DEAR ABBY: My older sister decided to join the Army before going to college. We didn't get along, and I was glad to see her go -- especially since it meant that I'd have a room of my own after always having had to share with her. She was just sent to Iraq.
Now I realize that I really love my sister, and I'm worried sick about her. I also feel really guilty about being happy about her leaving. Having my own room isn't all that great, and when I look at her side of the room and her empty bed, I wish we were still sharing a room and she was out of harm's way.
I want to write her and tell her how I feel and that I love her. But if I write her, I'm not sure how she'll react. I think about her and worry about her all the time. I tried to talk to my mom about how I feel, but she just blew me off and acted like she didn't believe me. Please tell me what I can do to deal with this. -- SAD SISTER IN SACRAMENTO
DEAR SAD SISTER: Your mother is dealing with her own anxieties right now. Do not let another day go by without sitting down and writing that letter to your sister. Tell her exactly what you have told me. I am positive that not only will she be happy to hear from you, she will also be impressed by how much you have matured in such a short time. It's the only way to deal with what's bothering you.
DEAR ABBY: I was driving down the road the other day and noticed a young girl by the side of the road trying to put the chain back on her bike. As I drove past her, I slowed my car and then stopped and backed up to ask if she needed help. She said she almost had it on, so I drove away.
Then it occurred to me later that maybe, in this day and age, I shouldn't have done what I did. I love kids and would never harm a child, and I would never want a child stranded by the side of the road. But at the same time, I question if stopping was safe to do -- with kidnapping and child molestation in the news so often.
Is it OK for a young man (I am 33) to stop and help a child who may need it without someone thinking I am up to no good, and with kids being taught not to go near strangers in cars? -- UNSURE IN SEVERANCE, COLO.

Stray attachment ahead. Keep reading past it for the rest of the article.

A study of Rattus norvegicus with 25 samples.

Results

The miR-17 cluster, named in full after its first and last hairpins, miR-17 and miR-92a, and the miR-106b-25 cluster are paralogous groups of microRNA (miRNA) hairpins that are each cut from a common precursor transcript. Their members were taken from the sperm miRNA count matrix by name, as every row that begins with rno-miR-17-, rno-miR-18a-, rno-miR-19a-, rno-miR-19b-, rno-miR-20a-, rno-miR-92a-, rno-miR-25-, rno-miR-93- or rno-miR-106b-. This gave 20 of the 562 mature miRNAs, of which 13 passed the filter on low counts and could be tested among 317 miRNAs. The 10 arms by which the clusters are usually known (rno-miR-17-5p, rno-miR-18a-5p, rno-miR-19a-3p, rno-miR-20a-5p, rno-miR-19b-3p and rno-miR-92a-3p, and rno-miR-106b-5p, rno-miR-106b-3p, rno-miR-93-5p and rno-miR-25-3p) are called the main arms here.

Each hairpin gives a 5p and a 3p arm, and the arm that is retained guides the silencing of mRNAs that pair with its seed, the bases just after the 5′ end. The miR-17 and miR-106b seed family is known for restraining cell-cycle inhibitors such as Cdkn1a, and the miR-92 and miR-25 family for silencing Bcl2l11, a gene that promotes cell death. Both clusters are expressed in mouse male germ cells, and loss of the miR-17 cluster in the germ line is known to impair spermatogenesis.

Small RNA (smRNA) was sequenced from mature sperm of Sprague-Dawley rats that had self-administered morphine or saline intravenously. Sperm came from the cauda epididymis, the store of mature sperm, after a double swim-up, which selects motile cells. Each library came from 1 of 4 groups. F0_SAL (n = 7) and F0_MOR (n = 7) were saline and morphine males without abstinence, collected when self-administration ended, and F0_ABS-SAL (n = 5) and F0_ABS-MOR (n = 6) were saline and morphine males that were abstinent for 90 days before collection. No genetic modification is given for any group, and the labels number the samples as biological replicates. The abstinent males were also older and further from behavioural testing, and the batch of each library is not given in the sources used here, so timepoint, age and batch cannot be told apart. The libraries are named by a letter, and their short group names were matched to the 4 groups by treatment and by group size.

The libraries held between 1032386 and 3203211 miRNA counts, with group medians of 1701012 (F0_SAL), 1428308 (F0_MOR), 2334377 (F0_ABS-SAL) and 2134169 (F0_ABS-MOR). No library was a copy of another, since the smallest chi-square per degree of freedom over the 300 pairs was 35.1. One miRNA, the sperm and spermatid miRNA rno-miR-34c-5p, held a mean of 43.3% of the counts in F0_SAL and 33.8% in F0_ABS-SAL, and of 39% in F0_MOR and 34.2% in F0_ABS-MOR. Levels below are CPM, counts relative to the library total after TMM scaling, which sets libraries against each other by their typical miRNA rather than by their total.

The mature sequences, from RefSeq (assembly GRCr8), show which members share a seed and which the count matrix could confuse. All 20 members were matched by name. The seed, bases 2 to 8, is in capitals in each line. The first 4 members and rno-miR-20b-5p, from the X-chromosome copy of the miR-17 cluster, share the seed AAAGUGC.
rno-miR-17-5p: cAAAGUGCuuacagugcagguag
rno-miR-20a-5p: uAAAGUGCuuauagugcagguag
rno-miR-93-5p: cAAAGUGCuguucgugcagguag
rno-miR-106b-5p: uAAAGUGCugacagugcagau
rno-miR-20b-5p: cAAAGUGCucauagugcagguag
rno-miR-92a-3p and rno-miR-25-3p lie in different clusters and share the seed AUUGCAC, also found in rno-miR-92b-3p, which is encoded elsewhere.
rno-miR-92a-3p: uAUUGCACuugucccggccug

DEAR UNSURE: You are a caring person, forced to choose between idealism and sad reality. You did the right thing by stopping to offer help and, when it was refused, by continuing on your way. However, because you felt the need to do more, you should have called roadside emergency services to let them know there was a stranded cyclist by the side of the road, so they could check to see if further assistance was needed.
DEAR ABBY: Our daughter recently gave birth to a baby boy. We would like to establish a college fund in his name, but we have a dilemma. Our son-in-law has two children by a prior marriage. We have an excellent relationship with all of them and do not want to hurt anyone's feelings. However, my wife and I are retired and are not in a position to fund three programs. What do you suggest? -- PROUD GRANDPA IN NEW HAMPSHIRE
DEAR PROUD GRANDPA: You are a loving grandparent. Please do not feel awkward because you cannot be as generous as you would like. Talk to your CPA or your attorney and ask for referrals to financial planners whom they trust. When you find the right adviser, discuss your entire situation and ask for recommendations.
What teens need to know about sex, drugs, AIDS, and getting along with peers and parents is in "What Every Teen Should Know." To order, send a business-size, self-addressed envelope, plus check or money order for $6 (U.S. funds) to: Dear Abby, Teen Booklet, P.O. Box 447, Mount Morris, IL 61054-0447. (Postage is included.)